Long drive to Hangzhou

It’s a long slog today going east to Shanghai, where I will meet the East China Sea. My last couple of days have been a history-fest on the dynastic past of this great nation, but I have had many conversations over the years with people who see the Chinese as the same as the Japanese, but that is so wrong in so many ways. As a small child, I recall watching boys emulating the only difference they could see, where the eyelids go up or down. Their environmental difference is probably more central asia-based than anything else. But being such a huge country, and for much of its history a divided one, there are as much internal differences as there are ones from country to country.

The Chinese have had many battles with invading Japanese armies, including during the Second World War. It’s worth noting that the second Sino-Japanese war was began in 1937, (Yes, there was a First, but the Japanese do not officially recognise it as being related.) two years before Britain declared war on Germany. As I near Shanghai, I find myself in the centre of an area that has seen many invasions by Japanese forces over the centuries. Both Sino-Japanese wars were largely due to Japan issuing the Twenty-One demands in 1915. This was all about wrestling more political and trade privileges form China. Needless to say, China were not pleased. What was really interesting, it that the Chinese were partly suported by Germany, the Soviet Union and even the United States. This all changed on December 7th 1941, when the Japanese forces attacked Pearl Harbor.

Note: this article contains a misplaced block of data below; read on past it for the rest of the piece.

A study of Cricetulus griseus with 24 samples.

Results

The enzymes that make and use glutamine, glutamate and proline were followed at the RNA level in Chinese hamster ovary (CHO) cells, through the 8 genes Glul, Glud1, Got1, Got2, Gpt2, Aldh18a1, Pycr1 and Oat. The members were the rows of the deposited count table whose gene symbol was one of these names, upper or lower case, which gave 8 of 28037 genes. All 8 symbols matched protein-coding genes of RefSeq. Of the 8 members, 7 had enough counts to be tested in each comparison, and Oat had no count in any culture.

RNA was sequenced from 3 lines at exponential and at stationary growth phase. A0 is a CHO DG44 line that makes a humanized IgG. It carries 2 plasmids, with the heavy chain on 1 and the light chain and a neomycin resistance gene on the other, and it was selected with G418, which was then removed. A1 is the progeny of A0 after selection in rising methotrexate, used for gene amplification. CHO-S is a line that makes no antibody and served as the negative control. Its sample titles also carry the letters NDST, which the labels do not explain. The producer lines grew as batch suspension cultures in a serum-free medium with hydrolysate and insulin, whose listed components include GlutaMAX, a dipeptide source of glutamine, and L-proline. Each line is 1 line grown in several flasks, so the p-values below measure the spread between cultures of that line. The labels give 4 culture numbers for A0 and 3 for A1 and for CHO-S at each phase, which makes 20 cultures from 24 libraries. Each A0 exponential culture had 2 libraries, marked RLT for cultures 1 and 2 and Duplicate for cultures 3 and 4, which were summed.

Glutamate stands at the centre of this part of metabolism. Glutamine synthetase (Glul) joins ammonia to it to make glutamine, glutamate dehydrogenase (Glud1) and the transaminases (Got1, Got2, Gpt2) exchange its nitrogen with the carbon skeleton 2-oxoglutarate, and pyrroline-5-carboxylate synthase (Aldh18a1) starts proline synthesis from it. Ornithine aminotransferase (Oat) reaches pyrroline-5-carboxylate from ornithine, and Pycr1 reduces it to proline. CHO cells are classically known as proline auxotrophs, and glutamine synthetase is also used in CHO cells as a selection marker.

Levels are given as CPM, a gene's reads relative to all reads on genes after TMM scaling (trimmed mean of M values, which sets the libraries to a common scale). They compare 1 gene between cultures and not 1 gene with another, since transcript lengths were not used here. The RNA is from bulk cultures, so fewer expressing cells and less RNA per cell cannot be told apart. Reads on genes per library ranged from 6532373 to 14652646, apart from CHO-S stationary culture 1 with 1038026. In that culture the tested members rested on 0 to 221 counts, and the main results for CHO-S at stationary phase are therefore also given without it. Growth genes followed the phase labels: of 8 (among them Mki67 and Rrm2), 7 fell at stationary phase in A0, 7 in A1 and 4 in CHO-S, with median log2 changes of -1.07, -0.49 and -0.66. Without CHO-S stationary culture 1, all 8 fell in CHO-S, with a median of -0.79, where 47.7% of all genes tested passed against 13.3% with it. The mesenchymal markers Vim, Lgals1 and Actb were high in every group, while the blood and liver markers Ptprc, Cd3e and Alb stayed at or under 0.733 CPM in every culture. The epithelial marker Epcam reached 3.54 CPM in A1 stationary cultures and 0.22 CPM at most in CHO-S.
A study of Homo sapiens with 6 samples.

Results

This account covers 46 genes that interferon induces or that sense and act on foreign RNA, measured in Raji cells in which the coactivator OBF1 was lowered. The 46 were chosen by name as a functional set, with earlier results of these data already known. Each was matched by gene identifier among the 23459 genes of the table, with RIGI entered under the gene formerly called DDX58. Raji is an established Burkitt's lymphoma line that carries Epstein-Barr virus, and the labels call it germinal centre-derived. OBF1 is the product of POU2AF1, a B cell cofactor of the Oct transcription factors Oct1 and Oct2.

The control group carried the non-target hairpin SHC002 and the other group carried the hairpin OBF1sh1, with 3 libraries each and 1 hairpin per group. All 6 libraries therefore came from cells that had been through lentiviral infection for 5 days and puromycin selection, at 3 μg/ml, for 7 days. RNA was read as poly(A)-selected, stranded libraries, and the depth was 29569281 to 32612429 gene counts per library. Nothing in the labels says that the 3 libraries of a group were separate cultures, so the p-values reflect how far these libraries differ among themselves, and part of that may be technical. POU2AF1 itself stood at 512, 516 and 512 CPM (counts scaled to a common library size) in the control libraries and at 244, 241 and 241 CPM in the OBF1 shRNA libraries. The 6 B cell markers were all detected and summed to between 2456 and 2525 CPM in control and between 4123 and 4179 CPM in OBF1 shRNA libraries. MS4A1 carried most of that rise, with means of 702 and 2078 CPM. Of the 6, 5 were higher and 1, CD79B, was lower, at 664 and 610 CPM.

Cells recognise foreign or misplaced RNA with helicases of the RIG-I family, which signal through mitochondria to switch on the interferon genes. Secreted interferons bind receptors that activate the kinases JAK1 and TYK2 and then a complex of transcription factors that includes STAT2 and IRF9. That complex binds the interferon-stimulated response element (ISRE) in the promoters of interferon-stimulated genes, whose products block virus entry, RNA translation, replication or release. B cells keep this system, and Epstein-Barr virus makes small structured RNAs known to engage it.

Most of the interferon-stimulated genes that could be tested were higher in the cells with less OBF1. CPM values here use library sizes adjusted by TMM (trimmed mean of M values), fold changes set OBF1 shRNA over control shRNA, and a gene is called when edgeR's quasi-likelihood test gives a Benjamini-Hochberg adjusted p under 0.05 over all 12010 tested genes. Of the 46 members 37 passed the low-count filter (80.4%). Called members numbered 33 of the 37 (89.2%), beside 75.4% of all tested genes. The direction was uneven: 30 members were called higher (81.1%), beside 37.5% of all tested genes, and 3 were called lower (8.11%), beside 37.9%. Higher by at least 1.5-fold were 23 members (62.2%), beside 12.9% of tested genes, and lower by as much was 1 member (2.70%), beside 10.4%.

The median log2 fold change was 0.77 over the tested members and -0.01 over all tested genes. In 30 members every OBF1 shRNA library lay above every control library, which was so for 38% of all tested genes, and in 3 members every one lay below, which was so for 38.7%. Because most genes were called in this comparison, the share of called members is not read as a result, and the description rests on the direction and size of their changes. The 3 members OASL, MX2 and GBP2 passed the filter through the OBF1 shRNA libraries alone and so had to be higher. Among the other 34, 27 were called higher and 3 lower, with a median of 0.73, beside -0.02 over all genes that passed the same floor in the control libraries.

The Mukden incident, 1931.

The battle of Tai'erzhuang.

The G60 expressway takes me along the river plain with mountains to both sides. I pass through Shangrao and onto Quzhou along the Qu river, the large agricultural plain running either side. I will be following this river all the way to Hangzhou. To the south is the Xianxia Ling mountain range, and to the west are the Yu mountains.

According to Google maps this route should have taken just about eight hours, but with a few stops and a restricted top speed, It actually takes nearly ten hours. I have ‘booked’ a room in the Merchant Marco Hotel, which is pretty central and near the fabulous Xihu lake. I’ll take a look at this in the morning. I am just a couple of hours from Shanghai, where I will organise my most taxing stage of this trip. Across the Pacific. For now, I will get something to eat and take a well earned rest.